Richard Webb of Saltydog Investor shares his views on the new investment world and DIY investing
Leaving your investments to the so-called professionals is like embarking on a round the world voyage using the stars to navigate and allowing the winds to dictate your course. Managing your own investments without proper information is a similar such voyage.
For too long the financial industry’s focus has been on maintaining funds under management and therefore the preservation of recurring income rather than on returns to you, the end user.
Of course there are a lot of people will merrily pay anything up to 1% of their investments to their adviser each year in return for an annual review meeting, a cup of coffee and a reassuring investment cuddle during which you can wonder why you feel slightly miffed after being told that, all things considered, your funds have really done quite well considering the difficult market conditions. You’ll be told that you need to “be patient with the selected funds” and “allow the full market cycle to run its course”. Depending on whom you speak to this could be anything between five and fifteen years.
This patience doesn’t come cheaply. Never fear though, because apparently if you are consistently average for long enough then you will (eventually) come out on top (so the mantra goes).
It is frequently reported that many tens of billions are left floundering in underperforming “balanced managed” or “mixed” funds offered by some of the world’s largest financial institutions. In my view, there has to be a better way of investing money and for those with a degree of knowledge, a little time and effort there is.
Over a long period of time the chairman of Saltydog, Douglas Chadwick, reviewed the funds he had invested in on a monthly basis – for that was as often as the data was available. It became apparent that not all markets declined at the same time or at the same rate. When some sectors were down, there were others that were really doing quite well. Being in the right sector at the right time was by far the most important thing and, as has become increasingly more common knowledge, investors can switch ever more easily and readily. You don’t have to be the last one off the sinking ship.
It is possible to deliver better returns through being active, by investing in those areas that are doing well in the here and now, by knowing and understanding when to cut those “dog” funds loose, by monitoring closely the readily available data and acting on it without compromising and taking unnecessary investment risk.
Active or momentum investors espouse an investment strategy which goes against the advisory grain and increasingly more and more investors want to take control of their affairs. Before taking control though, investors must be aware of the range of variables that confront them when being active, notably:
– Understanding risk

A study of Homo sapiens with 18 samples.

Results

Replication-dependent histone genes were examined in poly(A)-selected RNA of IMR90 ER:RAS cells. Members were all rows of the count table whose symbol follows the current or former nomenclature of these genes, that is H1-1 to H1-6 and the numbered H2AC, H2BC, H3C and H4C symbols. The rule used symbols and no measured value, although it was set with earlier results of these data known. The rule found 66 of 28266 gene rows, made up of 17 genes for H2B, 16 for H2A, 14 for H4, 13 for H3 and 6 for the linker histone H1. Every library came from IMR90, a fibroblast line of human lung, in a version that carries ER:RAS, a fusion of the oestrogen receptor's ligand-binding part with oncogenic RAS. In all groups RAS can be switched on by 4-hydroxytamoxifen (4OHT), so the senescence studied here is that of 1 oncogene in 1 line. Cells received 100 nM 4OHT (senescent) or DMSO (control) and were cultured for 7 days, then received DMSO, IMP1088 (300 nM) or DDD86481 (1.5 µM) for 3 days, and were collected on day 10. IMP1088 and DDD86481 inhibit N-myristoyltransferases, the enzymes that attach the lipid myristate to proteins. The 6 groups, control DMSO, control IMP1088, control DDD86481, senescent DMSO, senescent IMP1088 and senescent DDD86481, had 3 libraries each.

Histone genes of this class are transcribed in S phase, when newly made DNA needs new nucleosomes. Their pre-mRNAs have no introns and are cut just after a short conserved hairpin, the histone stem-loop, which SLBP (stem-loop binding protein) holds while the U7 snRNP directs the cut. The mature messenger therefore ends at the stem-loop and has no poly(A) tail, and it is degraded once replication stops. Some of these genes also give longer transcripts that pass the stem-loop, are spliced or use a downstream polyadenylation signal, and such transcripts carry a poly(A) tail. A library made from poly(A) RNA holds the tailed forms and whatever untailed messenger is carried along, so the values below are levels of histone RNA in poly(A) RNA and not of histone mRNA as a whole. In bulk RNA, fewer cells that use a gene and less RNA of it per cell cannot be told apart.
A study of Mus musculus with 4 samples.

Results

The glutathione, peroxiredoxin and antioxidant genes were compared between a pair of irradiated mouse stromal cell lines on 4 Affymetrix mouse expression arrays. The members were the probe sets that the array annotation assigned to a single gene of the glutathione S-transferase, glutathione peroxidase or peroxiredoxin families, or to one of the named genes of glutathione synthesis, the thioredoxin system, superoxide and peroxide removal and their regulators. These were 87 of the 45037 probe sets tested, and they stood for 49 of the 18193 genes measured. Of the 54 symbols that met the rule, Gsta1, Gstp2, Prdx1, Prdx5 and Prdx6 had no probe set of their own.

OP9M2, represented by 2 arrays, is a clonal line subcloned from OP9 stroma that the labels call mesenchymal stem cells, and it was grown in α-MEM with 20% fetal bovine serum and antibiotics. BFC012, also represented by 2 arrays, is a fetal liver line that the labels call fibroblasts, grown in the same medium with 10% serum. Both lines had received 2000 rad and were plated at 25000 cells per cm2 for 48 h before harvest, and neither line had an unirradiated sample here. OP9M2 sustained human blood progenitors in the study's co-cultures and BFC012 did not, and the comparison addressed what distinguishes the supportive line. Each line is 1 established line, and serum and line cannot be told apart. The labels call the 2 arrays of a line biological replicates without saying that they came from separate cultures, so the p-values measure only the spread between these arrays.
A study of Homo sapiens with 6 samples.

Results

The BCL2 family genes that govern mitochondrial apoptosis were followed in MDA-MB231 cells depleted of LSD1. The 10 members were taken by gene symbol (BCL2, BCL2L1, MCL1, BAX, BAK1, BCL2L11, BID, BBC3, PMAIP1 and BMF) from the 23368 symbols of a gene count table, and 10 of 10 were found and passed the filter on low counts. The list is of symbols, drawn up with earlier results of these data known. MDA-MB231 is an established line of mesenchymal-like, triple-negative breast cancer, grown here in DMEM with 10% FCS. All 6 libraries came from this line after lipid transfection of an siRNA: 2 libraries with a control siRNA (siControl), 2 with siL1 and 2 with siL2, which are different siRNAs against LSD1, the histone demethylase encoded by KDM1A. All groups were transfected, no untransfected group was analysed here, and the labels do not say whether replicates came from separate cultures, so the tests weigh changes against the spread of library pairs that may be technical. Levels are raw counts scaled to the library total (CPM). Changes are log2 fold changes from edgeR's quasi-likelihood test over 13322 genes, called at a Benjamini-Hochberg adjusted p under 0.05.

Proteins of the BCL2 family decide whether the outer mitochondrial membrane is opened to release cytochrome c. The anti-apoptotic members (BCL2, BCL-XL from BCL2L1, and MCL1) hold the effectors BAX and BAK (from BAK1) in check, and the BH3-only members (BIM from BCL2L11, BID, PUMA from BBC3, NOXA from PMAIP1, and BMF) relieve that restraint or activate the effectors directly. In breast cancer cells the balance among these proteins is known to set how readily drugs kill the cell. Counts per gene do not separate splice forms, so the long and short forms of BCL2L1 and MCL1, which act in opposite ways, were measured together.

– Investment platforms
– Costs of investing
– Where to look for information on different investment funds
– How to switch between funds
– Common investment mistakes
The financial industry blinds us all with jargon and acronyms such as CDS (credit default swaps), LIBOR (London Interbank offered rate), TER (total expense ratio) and RIY (reduction in yield) maybe in an attempt to convince us that we need them more than is actually the case. Over the coming weeks we will be looking at and exploring those areas that are essential to making good, robust investment decisions and sharing with readers the keys to DIY investment success, helping you make sure that your portfolios are not holed below the waterline.
A cursory glance at many investment publications sees the same old names trotted out, and in some cases the funds have impressive track records over sustained periods of time, but why would an investor stick with a fund when it is doing badly on the basis that it has a good long term performance. Think by how much returns could be improved if much of the negative performance was avoided. By all means pile in to a fund when it is riding the crest of a wave but when that wave breaks it is time to head for port.
There is a wealth of data available to determine what the next move should be. The last five years have been a lesson in investment volatility and at times to the casual observer it may have looked as if investing is a lottery. It does not have to be. Reviewing investment decisions and holdings on a monthly basis would be a massive step change for huge swathes of investors, many of whom make changes from one year to the next. For even low risk investors it is not difficult to make good positive returns when others may feel like they are losing their shirts.
The message is that DIY does not have to mean RIY, quite the opposite. With the right tools, the right charts, the right information and mind set investors will see that they don’t have to be Amerigo Vespucci to navigate successfully in this new investment world.
Subscribe to our free once daily email newsletter here.